Enugu State Gov’t Donates N.5 Million Worth Of Drugs To Tackle Cholera

Enugu State Gov’t Donates N.5 Million Worth Of Drugs To Tackle Cholera

By Agency Reports on January 30, 2015

NAN – The Enugu State Government has donated antibiotic drugs worth N500,000 to three hospitals with patients affected with gastroenteritis in Nsukka, Udenu and Igboeze South Local Government Areas.

The Commissioner for Health, Dr George Eze, made the presentation during a fact-finding tour to the affected areas with the disease outbreak on Friday in Enugu.

Eze made the donation along with a team of health workers from the state Ministry of Health, representatives of UNICEF and WHO on his entourage to assess the extent of the disease and support the hospitals.

He commended the medical directors of the three affected hospitals for exhibiting dexterity in handling emergency cases of that magnitude.

According to him, the effective management of the disease speaks volume of the need to always have specialists that attend to specialised cases.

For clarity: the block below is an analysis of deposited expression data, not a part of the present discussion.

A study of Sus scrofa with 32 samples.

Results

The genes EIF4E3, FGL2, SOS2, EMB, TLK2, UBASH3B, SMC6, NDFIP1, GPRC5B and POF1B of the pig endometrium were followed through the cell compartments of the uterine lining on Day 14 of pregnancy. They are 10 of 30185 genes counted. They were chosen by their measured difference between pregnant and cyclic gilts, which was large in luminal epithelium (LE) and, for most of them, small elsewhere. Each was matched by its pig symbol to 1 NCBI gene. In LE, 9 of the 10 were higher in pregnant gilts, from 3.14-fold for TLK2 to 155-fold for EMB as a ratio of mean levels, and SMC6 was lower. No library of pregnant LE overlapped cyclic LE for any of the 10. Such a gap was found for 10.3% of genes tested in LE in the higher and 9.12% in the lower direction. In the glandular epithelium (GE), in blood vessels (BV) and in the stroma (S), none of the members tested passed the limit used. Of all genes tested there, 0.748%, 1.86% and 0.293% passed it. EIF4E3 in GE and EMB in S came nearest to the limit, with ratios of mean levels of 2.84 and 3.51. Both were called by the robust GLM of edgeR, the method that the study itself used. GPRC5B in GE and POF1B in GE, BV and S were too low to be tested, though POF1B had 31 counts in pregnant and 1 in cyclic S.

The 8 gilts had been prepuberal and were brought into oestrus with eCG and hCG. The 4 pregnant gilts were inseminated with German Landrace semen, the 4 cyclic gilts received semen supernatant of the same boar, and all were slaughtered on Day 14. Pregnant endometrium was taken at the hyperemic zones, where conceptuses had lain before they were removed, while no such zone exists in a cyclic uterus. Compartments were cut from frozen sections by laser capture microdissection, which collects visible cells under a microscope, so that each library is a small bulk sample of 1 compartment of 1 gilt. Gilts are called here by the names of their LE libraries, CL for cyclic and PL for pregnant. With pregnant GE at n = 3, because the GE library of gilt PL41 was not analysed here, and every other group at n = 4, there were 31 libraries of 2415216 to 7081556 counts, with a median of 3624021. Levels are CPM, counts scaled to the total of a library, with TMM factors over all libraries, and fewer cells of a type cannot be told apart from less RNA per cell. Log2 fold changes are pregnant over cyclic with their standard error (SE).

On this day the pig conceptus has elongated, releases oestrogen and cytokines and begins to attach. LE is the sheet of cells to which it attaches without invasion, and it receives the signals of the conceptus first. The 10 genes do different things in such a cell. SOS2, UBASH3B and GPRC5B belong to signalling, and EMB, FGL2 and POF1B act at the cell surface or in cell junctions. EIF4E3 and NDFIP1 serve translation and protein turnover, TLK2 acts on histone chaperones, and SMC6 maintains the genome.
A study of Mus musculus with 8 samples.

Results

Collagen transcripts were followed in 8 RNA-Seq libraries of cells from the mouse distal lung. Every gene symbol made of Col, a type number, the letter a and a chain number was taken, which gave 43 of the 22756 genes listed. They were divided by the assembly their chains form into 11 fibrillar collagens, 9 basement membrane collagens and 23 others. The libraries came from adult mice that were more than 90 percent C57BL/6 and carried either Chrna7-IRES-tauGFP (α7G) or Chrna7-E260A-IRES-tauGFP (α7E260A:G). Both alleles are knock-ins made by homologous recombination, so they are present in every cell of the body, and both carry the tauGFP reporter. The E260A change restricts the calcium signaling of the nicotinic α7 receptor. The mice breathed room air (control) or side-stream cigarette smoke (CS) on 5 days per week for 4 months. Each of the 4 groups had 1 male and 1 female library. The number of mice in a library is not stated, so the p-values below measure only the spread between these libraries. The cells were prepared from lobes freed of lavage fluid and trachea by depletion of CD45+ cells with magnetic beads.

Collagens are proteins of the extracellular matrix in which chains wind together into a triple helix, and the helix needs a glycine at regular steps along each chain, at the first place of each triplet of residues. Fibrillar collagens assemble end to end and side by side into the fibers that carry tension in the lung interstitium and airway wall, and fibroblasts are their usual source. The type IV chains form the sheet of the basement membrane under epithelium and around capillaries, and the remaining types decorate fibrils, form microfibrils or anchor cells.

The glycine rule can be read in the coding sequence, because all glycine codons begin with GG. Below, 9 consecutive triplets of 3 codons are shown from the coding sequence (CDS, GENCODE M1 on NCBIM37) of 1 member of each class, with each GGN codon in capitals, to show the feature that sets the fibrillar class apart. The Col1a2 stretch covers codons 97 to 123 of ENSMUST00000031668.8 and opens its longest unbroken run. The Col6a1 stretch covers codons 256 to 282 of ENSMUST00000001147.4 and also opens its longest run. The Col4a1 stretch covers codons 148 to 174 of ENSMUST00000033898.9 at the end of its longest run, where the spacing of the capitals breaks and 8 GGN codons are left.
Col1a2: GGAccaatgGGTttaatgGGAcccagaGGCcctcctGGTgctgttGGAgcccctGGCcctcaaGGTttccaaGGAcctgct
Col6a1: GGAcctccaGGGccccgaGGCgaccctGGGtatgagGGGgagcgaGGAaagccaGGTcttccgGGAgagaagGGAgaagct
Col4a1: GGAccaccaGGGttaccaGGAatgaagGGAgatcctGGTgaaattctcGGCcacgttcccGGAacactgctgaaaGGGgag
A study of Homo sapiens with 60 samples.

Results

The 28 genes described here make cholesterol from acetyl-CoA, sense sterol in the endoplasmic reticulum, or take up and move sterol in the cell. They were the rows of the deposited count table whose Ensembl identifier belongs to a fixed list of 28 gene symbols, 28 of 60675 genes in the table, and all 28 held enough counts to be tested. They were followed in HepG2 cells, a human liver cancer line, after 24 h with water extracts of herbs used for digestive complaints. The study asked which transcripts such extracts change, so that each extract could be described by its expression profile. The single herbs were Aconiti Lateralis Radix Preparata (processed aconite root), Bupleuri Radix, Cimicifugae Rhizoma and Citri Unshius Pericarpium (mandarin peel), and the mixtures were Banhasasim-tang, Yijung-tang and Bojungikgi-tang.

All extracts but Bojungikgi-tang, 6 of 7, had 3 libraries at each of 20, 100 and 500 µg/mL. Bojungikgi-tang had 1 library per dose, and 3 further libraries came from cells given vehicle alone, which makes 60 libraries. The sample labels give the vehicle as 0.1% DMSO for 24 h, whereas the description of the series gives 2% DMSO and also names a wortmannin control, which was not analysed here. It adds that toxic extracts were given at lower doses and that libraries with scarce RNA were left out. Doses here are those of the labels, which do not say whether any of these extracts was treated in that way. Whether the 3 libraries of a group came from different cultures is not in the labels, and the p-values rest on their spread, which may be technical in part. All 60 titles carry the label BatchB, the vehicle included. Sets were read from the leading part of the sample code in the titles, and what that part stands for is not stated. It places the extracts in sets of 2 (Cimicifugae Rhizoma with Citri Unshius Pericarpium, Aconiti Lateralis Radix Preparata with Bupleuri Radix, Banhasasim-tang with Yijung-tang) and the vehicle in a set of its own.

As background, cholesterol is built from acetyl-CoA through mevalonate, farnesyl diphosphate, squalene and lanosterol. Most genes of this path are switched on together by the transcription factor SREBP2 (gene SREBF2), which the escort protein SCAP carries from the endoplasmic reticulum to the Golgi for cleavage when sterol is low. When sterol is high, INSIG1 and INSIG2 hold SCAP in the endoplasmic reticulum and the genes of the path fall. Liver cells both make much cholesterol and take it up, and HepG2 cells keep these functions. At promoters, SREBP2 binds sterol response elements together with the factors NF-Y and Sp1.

Eze said his visit to the three affected hospitals confirmed that the governor, Mr Sullivan Chime, was passionate about healthcare delivery in the state, especially the vulnerable group — under five and pregnant mothers.

The commissioner appreciated the effort of the management of the three affected hospital, while going on ward round in the hospitals.

He thanked the medical directors for partnering with the state government to halt the disease, saying the drugs should be given freely to the affected patients.

“I appreciate the way you have managed the disease, it shows that the state will be at peace whenever something similar occurs in these three councils,’’ he said.

According to him, as I donate these drugs on behalf of the governor, Mr Sullivan Chime, I urge you to do more.

In his response, the Medical Director of Chidubem Specialist Hospital in Nsukka, Dr Nicholas Ezeugwu, said the outbreak did not concentrate on any particular social class.

According to him, both the rich and the poor were affected by the outbreak of the disease.

Rev. Josephat Odoh, who represented the Chief Medical Director, Bishop Shenaham Specialist Hospital, Nsukka, said the number of those with the disease had declined when compared to the early stage of the outbreak.

“We had as many as 12 cases admitted in a day, though the situation has improved with one or two cases,“ he said.